Volume 16 • Issue 54 | June 4 - 10, 2004


Landmarks needs funds to do its job

As an article by Charles Hack in this week’s issue details, the city’s Landmarks Preservation Commission is both seriously under-funded and under-staffed.

The city’s smallest agency, Landmarks’ budget has been slashed to its 2001 level. And Landmarks has just one enforcement officer to protect all New York City’s more than 22,000 landmarks.

Landlords are making violations and getting away with it with nary more than a slap on the wrist, if even that. The agency seems unable to keep up with the amount of vigilance and enforcement needed to protect buildings that have been designated and does not have the wherewithal to check that developers renovating landmark buildings are following the approved plans. Illegal signs often go up in Downtown’s landmark districts and on buildings and it is impossible for the staff to keep track of the ones in Lower Manhattan, a few blocks away from their office in the landmark Municipal Building, let alone the outer boroughs.

Meanwhile, the staffing problems have probably prematurely slowed the number of new buildings being designated as manpower at Landmarks has been cut, leaving the remaining staff stretched thin and having to process more applications than possible.

What can be done? Obviously, the issue is money, increasing the funds going to Landmarks. We hear the permit application fees proposed by Landmarks are close to being adopted. Some preservation groups opposed these fees, feeling they would discourage owners of landmarked properties from filing applications for approval for planned work. Yet, even if the permit fee structure is adopted, the revenue will not go directly to Landmarks, but towards balancing the city’s budget deficit.

One Landmarks commissioner said privately that if revenue from the new permit fees surpasses a given amount that the revenue should start being directed back to Landmarks. That seems like a fair deal and an excellent way for Landmarks to increase its budget and staffing. What’s more, if landlords are being asked to pay more, then they’ll expect staffing to go up at Landmarks so that applications and permits are turned around faster.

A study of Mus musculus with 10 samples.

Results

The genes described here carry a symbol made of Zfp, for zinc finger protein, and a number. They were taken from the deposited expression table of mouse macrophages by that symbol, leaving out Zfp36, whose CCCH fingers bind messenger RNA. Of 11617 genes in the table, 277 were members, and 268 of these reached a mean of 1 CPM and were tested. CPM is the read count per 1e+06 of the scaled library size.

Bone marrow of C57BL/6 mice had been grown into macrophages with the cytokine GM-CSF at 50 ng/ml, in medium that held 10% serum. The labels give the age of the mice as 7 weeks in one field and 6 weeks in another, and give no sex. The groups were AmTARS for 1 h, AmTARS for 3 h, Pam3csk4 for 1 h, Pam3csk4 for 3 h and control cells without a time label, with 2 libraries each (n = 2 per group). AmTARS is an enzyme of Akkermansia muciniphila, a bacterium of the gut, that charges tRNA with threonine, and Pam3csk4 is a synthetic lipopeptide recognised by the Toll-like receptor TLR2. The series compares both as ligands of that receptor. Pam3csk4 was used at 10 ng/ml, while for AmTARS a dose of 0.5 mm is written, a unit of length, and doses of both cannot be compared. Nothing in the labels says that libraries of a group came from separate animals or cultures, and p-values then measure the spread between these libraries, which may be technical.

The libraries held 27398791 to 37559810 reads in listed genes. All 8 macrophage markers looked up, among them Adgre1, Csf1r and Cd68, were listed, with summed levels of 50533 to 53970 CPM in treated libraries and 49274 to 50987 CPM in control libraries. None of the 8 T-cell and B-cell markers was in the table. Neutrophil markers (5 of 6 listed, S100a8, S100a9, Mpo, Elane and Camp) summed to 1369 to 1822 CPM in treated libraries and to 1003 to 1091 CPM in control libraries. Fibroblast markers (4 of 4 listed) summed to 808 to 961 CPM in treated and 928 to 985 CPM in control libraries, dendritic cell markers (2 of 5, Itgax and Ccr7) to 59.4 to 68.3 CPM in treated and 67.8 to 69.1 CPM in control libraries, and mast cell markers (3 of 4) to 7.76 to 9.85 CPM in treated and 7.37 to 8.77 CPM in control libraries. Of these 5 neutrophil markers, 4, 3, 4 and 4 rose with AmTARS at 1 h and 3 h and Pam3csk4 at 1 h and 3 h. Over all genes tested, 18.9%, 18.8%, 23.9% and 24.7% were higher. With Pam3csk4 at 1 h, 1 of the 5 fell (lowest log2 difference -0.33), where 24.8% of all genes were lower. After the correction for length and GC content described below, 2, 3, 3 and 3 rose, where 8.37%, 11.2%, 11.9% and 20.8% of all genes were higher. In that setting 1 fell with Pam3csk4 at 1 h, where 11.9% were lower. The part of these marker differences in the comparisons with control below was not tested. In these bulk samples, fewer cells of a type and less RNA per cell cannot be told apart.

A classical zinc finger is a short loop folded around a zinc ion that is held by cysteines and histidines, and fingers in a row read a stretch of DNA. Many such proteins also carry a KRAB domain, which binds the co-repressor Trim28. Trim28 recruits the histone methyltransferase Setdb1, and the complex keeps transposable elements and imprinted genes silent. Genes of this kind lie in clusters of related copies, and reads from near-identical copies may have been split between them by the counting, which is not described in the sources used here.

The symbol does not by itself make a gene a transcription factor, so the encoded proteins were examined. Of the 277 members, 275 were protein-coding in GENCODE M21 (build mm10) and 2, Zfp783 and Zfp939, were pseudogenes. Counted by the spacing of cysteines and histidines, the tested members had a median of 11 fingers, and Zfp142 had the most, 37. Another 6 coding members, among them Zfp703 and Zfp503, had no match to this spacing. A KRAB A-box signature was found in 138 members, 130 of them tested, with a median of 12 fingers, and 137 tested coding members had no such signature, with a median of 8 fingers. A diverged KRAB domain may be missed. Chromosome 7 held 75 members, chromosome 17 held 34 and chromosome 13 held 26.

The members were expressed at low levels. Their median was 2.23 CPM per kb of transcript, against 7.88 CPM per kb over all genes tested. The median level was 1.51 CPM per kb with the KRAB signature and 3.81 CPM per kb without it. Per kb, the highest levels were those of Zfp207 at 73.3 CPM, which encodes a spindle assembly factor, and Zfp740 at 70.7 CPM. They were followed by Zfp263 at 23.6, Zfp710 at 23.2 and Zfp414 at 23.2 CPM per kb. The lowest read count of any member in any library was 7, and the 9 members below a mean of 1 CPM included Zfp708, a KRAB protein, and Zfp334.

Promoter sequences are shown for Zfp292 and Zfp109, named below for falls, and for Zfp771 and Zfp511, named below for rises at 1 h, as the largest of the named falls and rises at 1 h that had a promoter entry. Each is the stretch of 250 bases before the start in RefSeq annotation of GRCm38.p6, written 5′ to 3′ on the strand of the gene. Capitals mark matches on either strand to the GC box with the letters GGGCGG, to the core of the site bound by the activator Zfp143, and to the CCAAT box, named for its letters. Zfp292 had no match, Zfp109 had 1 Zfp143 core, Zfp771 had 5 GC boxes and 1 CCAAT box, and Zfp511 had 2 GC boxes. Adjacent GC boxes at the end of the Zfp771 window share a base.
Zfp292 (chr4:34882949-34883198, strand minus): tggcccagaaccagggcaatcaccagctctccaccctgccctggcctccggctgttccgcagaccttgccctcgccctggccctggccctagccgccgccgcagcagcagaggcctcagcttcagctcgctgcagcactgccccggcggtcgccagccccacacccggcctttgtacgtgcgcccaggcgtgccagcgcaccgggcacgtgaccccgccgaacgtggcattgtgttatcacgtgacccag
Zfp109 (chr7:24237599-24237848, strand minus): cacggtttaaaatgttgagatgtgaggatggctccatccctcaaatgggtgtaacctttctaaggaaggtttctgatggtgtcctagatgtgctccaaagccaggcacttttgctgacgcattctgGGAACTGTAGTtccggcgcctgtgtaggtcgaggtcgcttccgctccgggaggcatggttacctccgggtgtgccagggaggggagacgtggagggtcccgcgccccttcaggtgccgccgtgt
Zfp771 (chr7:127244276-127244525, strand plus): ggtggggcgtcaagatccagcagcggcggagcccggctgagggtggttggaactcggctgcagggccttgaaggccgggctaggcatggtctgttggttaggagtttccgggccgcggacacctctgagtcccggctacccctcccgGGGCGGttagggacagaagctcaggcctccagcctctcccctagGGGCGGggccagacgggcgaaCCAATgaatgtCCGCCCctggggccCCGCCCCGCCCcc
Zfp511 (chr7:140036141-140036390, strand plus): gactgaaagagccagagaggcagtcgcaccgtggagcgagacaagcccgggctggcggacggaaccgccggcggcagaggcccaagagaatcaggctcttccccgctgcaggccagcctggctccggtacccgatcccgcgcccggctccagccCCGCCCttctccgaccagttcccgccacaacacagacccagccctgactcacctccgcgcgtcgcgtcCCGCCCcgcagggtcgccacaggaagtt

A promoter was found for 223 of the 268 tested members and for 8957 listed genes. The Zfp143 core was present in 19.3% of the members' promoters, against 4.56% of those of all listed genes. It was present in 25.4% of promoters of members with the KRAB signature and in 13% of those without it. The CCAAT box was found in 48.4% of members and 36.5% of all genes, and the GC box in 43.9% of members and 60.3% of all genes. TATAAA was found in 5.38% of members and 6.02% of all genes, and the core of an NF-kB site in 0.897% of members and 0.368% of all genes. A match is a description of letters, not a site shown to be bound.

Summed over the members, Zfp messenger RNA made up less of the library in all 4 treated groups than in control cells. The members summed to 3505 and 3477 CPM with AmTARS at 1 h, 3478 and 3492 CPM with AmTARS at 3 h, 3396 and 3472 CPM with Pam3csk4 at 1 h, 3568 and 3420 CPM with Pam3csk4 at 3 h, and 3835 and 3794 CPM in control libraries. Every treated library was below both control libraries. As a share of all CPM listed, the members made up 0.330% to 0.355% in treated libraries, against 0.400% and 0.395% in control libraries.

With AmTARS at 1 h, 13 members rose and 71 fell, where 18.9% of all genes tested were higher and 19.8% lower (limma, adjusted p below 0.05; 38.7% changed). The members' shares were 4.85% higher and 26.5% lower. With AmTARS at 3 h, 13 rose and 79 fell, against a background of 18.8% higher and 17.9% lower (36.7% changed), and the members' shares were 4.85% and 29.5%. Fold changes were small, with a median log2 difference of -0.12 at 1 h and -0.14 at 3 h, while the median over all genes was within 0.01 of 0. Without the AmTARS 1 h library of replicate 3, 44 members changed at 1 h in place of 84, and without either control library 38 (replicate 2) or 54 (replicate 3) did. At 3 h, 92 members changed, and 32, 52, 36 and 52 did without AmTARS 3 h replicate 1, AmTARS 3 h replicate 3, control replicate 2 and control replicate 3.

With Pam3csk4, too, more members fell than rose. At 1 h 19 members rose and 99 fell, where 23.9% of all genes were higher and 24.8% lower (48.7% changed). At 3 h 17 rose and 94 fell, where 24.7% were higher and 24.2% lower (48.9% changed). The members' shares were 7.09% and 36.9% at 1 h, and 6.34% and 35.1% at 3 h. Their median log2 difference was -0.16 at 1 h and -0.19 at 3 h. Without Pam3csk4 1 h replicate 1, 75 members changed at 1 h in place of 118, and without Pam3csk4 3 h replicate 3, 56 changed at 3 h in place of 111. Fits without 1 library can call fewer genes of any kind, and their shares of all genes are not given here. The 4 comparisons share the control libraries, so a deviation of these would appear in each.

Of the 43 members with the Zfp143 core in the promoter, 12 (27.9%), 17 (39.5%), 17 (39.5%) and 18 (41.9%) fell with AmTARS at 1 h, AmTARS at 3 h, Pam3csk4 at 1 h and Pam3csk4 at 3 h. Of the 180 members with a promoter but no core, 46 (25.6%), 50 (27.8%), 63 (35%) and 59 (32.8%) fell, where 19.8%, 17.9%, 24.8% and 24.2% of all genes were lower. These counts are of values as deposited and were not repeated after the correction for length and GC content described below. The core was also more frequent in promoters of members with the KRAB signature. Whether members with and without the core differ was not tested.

Another idea is to add a minimal assessment to landmarked properties, such as $50 or $100 a year. This would be painless to landlords, yet would have a big payoff in allowing Landmarks to increase its staff and provide better, faster service. Since landmarking has been shown to increase the value of neighborhoods and buildings, this would merely constitute a very small tax on added value.

A perfect example of that is Tribeca – home to four historic districts and some of the most expensive residential real estate in the city. It is not a coincidence. Landmarking is good for building owners.

Then there is the private sector. An organization like the Central Park Conservancy, but for preservation, could have enormous benefit. There is an existing organization, Landmarks Foundation. However, it could be doing much more and needs to be energized.

Several years ago, the New York Nightlife Association did a study to show the economic benefit of nightlife to New York City. Perhaps, landmarking could benefit from a similar study to show the amount of income generated by tourism and business by historic preservation.

One thing is clear, under the status quo, landmarked buildings and districts — as well as those that are candidates for designation — are threatened. The buck stops at City Hall — which, of course, itself is an exterior and interior landmark, in a historic district.